The idea of finding Pitt football a new rival in the ACC has been talked about many times, even on this site. Everyone has their hopes and wishes, but quite frankly, Pitt probably isn't going to have that "rival" in the ACC anytime soon. There isn't a Penn State. There isn't a West Virginia. Notre Dame isn't an option for many reasons, one being that they already have about a half dozen other "rivals". Pitt will play Syracuse every season as a crossover opponent, but many years together in the Big East has never yielded an on-field rivalry, and the present scenario will probably be no different.
So what options does Pitt have? Looking at the divisional setup, a team from the Coastal Division would make the most sense. However, finding a rival from that group is much easier said than done. North Carolina? Most people in Chapel Hill use football games as a weekly event to talk about the upcoming basketball season. The same can be said for Duke. Plus, they have each other, so we move on...
Miami has Florida and Florida State. Virginia doesn't really inspire hate for me. They are geographically closer than the other schools mentioned, but the Hoos already have traditional rivalries with other founding ACC schools and also with Virginia Tech. Speaking of the Hokies, a lot of people see them as Pitt's best chance to find a rival in the ACC. I guess it's possible, but you can't force a rivalry. Yes, Pitt had their number before they left the Big East, but I don't think the feeling is mutual. A rivalry has to be a partnership. A give and a take. Both teams will have to amp up the hate level in the coming years.
Finally, that leaves us with Georgia Tech. The Atlanta-based Yellow Jackets don't scream hate, unless you really don't like the triple option offense, Delta Airlines, or Coca-Cola. Or unless you're a Georgia fan.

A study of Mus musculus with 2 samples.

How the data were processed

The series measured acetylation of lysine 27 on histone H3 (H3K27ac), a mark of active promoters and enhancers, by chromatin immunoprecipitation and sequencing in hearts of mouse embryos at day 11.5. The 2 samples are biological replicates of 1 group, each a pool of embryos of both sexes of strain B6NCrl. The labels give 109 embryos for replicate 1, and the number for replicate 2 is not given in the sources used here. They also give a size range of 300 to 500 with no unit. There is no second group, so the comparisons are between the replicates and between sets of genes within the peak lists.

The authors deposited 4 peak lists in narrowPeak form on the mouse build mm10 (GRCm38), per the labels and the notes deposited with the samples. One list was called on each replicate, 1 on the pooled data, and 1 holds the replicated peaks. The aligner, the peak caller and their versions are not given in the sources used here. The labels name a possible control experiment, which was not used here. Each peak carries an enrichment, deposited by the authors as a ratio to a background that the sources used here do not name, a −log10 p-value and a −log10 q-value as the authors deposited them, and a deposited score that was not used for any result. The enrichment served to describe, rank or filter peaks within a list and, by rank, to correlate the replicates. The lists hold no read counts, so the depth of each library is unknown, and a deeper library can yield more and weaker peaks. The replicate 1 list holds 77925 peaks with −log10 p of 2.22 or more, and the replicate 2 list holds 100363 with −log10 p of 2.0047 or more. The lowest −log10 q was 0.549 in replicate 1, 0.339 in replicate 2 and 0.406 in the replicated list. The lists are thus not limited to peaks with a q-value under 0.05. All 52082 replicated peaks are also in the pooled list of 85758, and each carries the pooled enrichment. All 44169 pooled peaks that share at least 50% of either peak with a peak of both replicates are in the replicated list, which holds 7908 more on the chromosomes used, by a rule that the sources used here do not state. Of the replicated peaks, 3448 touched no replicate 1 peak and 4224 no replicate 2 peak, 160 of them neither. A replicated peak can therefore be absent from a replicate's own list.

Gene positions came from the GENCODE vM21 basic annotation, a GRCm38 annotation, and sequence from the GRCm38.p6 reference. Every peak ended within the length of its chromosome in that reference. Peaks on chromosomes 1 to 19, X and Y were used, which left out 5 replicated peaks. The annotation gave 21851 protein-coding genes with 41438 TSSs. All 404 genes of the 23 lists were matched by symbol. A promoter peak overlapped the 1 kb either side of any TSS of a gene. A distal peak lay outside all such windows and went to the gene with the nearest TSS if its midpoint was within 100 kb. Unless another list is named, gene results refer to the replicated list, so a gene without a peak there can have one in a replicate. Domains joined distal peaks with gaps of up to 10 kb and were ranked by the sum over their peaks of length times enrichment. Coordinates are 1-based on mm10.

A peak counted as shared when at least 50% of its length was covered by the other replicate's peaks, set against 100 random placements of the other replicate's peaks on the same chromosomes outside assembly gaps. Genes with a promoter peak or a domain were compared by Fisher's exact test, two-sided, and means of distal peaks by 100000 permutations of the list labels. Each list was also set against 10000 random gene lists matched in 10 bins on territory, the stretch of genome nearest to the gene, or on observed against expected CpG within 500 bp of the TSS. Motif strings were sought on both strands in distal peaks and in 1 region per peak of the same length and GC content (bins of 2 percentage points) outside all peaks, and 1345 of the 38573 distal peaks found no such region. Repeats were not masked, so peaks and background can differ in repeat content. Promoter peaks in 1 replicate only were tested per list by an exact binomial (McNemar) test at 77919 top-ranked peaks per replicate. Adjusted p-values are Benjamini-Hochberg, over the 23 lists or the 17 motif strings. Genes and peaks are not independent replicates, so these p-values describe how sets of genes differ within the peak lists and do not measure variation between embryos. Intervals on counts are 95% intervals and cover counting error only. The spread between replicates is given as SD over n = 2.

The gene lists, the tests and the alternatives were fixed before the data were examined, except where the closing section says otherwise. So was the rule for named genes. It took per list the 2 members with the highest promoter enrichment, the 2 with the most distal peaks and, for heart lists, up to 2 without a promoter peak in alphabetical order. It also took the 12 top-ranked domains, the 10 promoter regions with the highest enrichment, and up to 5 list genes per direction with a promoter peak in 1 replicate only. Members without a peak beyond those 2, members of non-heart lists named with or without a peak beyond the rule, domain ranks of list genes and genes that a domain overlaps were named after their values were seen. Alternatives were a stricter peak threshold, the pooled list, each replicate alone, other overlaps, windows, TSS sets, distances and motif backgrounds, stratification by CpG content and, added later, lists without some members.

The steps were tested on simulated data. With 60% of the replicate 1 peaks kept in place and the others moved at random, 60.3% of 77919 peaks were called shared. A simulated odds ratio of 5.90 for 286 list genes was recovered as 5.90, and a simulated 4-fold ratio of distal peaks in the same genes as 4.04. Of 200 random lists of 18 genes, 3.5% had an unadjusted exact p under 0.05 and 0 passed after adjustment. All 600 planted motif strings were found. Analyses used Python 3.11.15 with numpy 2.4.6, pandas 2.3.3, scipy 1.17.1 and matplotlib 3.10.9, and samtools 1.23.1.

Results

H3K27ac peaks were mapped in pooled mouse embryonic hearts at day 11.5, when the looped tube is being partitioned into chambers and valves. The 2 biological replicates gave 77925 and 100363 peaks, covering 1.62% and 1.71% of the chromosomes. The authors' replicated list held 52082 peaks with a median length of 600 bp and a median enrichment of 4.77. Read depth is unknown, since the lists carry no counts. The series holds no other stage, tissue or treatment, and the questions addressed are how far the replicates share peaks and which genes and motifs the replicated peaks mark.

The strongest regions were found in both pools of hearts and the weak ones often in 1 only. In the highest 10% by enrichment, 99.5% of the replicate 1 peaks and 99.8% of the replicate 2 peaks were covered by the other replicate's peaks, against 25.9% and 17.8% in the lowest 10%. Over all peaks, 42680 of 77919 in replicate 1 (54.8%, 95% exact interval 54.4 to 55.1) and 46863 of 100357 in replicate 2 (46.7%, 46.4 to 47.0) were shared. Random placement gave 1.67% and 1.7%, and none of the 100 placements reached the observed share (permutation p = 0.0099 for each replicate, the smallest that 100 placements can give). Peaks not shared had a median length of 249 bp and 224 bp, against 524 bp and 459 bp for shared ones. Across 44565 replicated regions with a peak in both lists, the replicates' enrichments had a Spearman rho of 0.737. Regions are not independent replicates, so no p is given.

So where do we turn for an annual hate-fest? I'll propose one option. Louisville. We'd have to wait an extra year, but like Pitt, the Cards have no history with many of their soon-to-be conference foes. Yes, Louisville still has Kentucky, but I think Pitt and the Cardinals have a chance of developing some hate on the field. During the their last eight meetings, the Cards are 4-4 against Pitt. Geographically, the two cities are close. Out of all the possible scenarios, a rivalry with Louisville is the most realistic option. It may take time or never happen at all, but finding a rival doesn't happen overnight. In terms of national perception, Pitt has a long way to go to catch up to Louisville, but if Paul Chryst manages to turn the program around, our old friends down the Ohio River could be the perfect match.
And look at it this way, if Cincinnati doesn't mind, we can even reuse the River City Rivalry trophy.